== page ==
October 2, 2017
How to Handle Social Eating with Grace
Tactics to Decline Food Offers without Putting Your Foot in Your Mouth
Have you ever struggled to say “NO” at family gatherings and other social events when offered food that you know isn’t good for your body?
It’s a fact that even when friends and family members know you are trying to lose weight and get healthier, we often feel pressured to go for the fast food, have seconds or eat dessert.
This doesn’t necessarily mean that others want to sabotage you or ruin your success – it can just be part of a person’s history or culture to use food as a gift to share with those they love.
“I grew up poor, and my father couldn’t provide as much as he wanted for us, but he felt that he could show his love for us by feeding me as much as he could, even when I wasn’t hungry. But, I gained weight and developed high blood pressure and diabetes. I had to have a tough conversation with him and help him find new ways to show he cared,” says one patient.
“That’s so hard to do because families sometimes show love by feeding you, but they don’t realize that it can be hurting you too. You have to think of showing people that there are other ways to show love. If you tell them to just stop altogether, they feel they have no way to show their love.”
Here are some tips on what you can do at social gatherings to stay on track with your wellness goals.
What to Say When: Offered Something You’d Rather Not Eat
“I sure wish I could have some, but I’m just so full from all the other delicious food right now. Maybe a little later.”
“Thanks, I’ll pass and just keep you company while you enjoy!”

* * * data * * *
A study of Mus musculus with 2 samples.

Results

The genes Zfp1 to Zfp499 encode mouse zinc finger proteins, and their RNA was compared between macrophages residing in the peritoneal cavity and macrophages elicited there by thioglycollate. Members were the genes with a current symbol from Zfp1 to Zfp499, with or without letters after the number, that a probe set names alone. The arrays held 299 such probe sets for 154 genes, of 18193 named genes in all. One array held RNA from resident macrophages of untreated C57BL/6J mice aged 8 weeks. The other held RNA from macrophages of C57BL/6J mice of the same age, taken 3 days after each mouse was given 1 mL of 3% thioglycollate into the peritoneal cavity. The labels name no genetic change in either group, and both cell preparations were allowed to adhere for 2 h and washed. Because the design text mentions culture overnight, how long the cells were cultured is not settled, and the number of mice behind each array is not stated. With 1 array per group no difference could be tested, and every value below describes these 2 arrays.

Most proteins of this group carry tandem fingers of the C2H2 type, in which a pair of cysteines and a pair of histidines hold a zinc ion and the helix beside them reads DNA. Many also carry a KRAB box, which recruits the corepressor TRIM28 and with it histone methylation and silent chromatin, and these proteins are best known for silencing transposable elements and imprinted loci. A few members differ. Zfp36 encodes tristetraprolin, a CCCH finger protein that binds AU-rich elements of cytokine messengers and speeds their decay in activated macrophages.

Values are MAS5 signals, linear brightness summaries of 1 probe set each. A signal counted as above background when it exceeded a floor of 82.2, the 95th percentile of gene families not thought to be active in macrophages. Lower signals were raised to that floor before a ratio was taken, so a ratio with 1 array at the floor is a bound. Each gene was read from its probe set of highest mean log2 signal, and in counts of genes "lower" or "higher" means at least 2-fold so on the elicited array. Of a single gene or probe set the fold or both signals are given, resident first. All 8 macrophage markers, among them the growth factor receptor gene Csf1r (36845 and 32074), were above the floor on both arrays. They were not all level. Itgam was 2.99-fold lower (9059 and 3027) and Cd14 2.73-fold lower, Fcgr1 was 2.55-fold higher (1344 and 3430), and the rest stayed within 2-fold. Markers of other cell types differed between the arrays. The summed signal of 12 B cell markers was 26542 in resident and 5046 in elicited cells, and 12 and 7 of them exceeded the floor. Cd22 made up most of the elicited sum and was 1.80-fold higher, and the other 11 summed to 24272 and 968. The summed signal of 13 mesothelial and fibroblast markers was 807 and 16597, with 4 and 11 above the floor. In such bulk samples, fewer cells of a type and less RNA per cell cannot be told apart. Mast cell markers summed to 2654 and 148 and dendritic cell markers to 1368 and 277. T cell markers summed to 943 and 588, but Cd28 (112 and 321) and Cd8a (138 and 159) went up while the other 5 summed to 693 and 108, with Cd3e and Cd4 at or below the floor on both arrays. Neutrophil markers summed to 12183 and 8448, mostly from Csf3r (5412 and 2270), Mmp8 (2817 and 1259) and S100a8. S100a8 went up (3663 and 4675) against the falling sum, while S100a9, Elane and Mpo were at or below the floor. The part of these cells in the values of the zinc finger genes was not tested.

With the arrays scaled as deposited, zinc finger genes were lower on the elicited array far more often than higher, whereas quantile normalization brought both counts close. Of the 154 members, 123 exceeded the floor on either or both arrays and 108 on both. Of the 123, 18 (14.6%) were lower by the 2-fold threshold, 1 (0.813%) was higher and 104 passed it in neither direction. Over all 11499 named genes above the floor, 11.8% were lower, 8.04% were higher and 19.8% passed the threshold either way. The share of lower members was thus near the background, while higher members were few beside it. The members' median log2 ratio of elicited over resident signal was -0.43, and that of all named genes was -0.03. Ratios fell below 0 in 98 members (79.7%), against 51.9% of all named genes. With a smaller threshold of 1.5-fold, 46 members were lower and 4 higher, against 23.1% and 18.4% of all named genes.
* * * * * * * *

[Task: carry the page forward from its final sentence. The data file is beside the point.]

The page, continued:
“No, thank you.” (Said firmly, without explanation at all.)
What to Say When: Offered Seconds
“No, thank you, it was delicious though! Can you give me the recipe?”
“No thanks. Hey, how are your kids doing – I haven’t seen them lately!” (This is a great diversion tactic.)
“You know, I realized that my stomach doesn’t feel good when I eat _____ (insert food here), so now I try to avoid feeling like that.”
“I have _____ (diabetes, prediabetes, etc.) and so I’m making changes in what I eat to improve my health.”
“My doctor told me I can’t eat that, unfortunately. But it smells amazing!”
This is rare, but some people may seem like they are trying to sabotage you or are even taking your refusal personally. They may make statements like, “Well, I eat cake every day, and I’m fine.”
Politely explain to them that each person is different and that you are taking time to focus on the best choices for your health.
If you are pushed further, you can follow up with these options:
“Sorry, I need to choose what I eat more carefully for my health.”
“Sorry, I need to put my needs and goals first.”